Cashing in on early harvest action
A couple weeks back, the corn crop was woefully behind its normal development pace in parts of the Corn Belt. Then, Mother Nature came along, turned up the oven, and triple-digit temperatures helped the crop move quicker in its development. They've been far from the best conditions for crop development in late August and early September, but growing degree units caught up to a near-normal pace in some spots, at least.
Now, at the midpoint of September, corn harvest is in full swing in some parts of the Midwest. It's earlier than normal for some, but the way crop conditions are shaping up -- with a lot of potential for downed stalks and ears if the malnourished, thirsty crop is left in the field too long -- many farmers are starting to roll. And, healthy cash-basis levels don't hurt for farmers who are looking to capture every dollar they can from another year of subpar corn yields.
On Thursday, farmers delivered 166,000 bushels of wet corn to the Cargill facility in Eddyville, Iowa. Ray Jenkins, the company's senior grain merchandiser there, hasn't been surprised. Between the cash-basis incentive and the discount the company is offering for drying the wetter, oftentimes lower quality grain, it's meant the early harvest pace has moved right along.
"If you have new-crop corn that can be harvested, these are very strong basis levels for a year when we have a good crop . . . at 35 cents over the December contract, that is the same as almost 10 over next July futures, and you get your money now or right after the year, if you defer. So it makes sense to move the cash corn and own futures or write a basis contract," he says.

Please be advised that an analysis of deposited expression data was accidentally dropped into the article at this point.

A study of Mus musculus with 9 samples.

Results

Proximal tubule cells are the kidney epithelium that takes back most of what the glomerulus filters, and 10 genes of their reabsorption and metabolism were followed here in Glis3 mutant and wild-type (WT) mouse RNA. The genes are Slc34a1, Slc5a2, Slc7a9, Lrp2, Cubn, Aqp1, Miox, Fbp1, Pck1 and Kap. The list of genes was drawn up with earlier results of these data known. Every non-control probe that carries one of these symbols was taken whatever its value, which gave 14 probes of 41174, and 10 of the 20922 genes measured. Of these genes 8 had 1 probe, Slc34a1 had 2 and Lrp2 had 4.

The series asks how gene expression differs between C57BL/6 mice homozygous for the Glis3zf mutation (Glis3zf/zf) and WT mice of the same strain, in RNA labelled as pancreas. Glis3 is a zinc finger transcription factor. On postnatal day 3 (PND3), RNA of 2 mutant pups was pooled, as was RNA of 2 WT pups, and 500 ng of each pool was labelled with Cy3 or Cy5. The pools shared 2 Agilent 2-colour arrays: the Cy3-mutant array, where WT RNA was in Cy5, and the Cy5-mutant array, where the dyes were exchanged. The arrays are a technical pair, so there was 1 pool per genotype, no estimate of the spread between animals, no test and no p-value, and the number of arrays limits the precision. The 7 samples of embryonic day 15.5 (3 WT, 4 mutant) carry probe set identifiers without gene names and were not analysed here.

And, it's not just in south-central Iowa where this type of opportunity is arising for farmers. It's typical for ethanol plants and other processors to be offering such cash incentives for farmers getting into the field now, especially in a year when more widespread harvest action might reveal even more disappointing yields.
"By harvesting some of their corn early and delivering directly in to local corn users, such as processors, livestock feeders, and ethanol plants, farmers could potentially earn a premium of 50 cents per bushel or more over cash prices offered in October. That premium price is likely to disappear quickly in early October, when the 2013 fall harvest begins to pick up more momentum," says Iowa State University Extension farm management specialist Steve Johnson. "It’s really going to be a win-win situation for grain users and farmers. Corn users are looking for corn now after last year’s short crop, and farmers could use this to earn premium prices and help their fall cash flow situation."
Jenkins says he suspects there's still more grain around the countryside than some think. Taking that into account, even if disappointing yields are on the horizon soon, farmers should include it as a marketing consideration moving through this fall, Johnson adds.